Outside of drinking plenty of water or avoiding foods that can induce dry mouth, Dr. Randy Kimple notes that there are very few effective treatments for patients who experience cancer treatment-related dry mouth.
Patients who have received treatment for head and neck cancer often experience radiation-induced dry mouth. There are very few effective treatments, Dr. Randy Kimple notes, for this severe treatment-related side effect outside of drinking plenty of water or avoiding foods that are dry.
“Although dry mouth seems like, ‘oh well just drink a little bit of water,’ that's great for people who their dry mouth is caused by being nervous, but it doesn't work for people who have suffered through cancer and have undergone radiation, surgery, potentially chemotherapy, and then after conquering all these other issues are now living with this for the rest of their life,” said Kimple, an associate professor in the Department of Human Oncology and radiation oncologist at the University of Wisconsin Carbone Cancer Center, in an interview with CURE®. “We need to do better for them.”
In the interview, Kimple also provided insight into a new regenerative therapy that the Food and Drug Administration (FDA) recently gave approval to test in clinical trials to treat radiation-induced xerostomia, also known as dry mouth.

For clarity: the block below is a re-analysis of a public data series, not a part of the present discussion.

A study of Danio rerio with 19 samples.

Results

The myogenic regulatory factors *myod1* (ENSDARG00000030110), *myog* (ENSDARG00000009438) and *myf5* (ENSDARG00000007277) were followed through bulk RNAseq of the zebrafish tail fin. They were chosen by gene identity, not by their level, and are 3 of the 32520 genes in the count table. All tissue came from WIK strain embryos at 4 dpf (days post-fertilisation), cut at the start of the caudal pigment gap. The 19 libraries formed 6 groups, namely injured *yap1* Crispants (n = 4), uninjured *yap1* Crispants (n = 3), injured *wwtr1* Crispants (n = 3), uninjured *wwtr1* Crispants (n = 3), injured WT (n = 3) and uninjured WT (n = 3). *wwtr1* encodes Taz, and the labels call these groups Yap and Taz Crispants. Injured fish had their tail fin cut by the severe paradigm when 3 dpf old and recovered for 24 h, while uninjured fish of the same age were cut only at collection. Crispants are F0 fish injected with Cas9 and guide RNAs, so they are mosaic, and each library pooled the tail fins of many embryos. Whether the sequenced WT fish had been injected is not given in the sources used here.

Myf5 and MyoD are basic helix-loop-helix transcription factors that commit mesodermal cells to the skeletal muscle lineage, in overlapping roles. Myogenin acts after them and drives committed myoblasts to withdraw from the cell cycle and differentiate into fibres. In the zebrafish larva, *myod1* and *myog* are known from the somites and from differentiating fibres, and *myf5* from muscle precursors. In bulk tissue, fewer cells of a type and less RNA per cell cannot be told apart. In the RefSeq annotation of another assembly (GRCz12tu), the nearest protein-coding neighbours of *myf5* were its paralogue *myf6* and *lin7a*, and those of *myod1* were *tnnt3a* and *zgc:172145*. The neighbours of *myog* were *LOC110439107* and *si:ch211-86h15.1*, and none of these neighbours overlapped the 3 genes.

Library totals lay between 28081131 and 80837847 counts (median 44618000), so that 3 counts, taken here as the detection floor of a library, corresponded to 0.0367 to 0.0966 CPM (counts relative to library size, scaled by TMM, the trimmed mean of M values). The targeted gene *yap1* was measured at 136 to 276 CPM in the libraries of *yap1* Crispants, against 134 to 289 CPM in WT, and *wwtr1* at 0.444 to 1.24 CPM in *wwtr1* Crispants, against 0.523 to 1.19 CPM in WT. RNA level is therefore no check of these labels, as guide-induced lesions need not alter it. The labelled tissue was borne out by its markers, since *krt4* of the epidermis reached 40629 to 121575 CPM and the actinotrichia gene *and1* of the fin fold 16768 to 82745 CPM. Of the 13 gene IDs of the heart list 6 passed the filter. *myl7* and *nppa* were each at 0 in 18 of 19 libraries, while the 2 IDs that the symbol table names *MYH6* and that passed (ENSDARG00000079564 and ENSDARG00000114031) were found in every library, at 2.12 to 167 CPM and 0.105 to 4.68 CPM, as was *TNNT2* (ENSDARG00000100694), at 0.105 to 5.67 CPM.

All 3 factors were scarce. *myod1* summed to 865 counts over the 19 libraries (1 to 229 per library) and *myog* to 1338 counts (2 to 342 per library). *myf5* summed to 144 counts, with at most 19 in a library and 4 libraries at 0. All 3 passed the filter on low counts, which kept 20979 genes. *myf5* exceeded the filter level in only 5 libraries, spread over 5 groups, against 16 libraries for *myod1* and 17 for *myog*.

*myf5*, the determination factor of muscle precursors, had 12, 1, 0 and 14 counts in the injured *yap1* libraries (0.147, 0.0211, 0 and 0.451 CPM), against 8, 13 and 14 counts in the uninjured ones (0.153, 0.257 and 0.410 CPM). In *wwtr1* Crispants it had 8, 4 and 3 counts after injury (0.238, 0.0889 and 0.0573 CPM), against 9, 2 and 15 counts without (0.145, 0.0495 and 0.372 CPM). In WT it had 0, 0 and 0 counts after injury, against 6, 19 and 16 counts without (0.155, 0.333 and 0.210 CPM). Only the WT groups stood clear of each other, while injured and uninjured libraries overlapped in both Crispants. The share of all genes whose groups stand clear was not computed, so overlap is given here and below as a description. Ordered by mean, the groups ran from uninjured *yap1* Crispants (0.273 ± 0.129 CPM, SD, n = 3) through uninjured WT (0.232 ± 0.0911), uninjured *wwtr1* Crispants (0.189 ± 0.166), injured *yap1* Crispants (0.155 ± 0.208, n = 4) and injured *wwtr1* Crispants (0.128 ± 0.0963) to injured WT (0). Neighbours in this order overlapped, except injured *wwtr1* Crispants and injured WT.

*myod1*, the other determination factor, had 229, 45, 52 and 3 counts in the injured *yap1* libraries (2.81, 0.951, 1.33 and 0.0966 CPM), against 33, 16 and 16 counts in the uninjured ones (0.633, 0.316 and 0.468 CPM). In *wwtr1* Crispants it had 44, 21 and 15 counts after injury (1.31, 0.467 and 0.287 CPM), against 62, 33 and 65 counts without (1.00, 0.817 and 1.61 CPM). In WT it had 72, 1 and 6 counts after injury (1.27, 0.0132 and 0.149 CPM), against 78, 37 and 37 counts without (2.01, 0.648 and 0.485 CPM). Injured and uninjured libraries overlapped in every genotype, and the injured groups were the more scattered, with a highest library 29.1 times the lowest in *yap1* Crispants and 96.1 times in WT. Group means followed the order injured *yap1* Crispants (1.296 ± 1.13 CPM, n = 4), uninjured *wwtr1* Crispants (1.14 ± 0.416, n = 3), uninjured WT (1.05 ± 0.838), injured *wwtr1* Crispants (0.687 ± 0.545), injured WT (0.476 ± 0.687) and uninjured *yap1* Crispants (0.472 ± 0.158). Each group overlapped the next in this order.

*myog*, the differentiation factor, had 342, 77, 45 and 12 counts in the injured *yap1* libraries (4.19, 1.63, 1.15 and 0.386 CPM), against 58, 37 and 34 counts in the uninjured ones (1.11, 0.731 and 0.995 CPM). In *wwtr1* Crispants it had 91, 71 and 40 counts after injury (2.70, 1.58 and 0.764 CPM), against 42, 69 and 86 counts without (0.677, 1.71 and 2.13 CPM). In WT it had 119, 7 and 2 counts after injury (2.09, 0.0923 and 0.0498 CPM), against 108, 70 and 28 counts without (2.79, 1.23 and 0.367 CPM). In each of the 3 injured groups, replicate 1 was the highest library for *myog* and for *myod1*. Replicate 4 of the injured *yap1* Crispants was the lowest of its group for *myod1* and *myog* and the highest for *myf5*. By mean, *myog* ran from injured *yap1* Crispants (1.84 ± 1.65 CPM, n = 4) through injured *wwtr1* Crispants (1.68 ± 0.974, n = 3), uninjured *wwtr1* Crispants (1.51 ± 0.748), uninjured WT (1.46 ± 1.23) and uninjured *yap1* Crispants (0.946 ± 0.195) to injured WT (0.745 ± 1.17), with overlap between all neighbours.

And then imagine having that every day for the rest of your life. In the three weeks since we first put out, sort of an announcement that the FDA had granted this, I've had a number of patients reach out to me from around the country, or their doctors and say, ‘thank goodness, there's something coming down the pipeline because I don't have anything to offer my patients and they are fed up, they're depressed, they're unable to work because they don't make enough saliva to you know, carry on a customer service type job that they were in.’
Although dry mouth seems like ‘oh well just drink a little bit of water,’ that's great for people who their dry mouth is caused by being nervous, but it doesn't work for people who have suffered through cancer and have undergone radiation, surgery, potentially chemotherapy, and then after conquering all these other issues are now living with this for the rest of their life, and we need to do better for them, but it's an unmet need that we hope we can find a good solution for.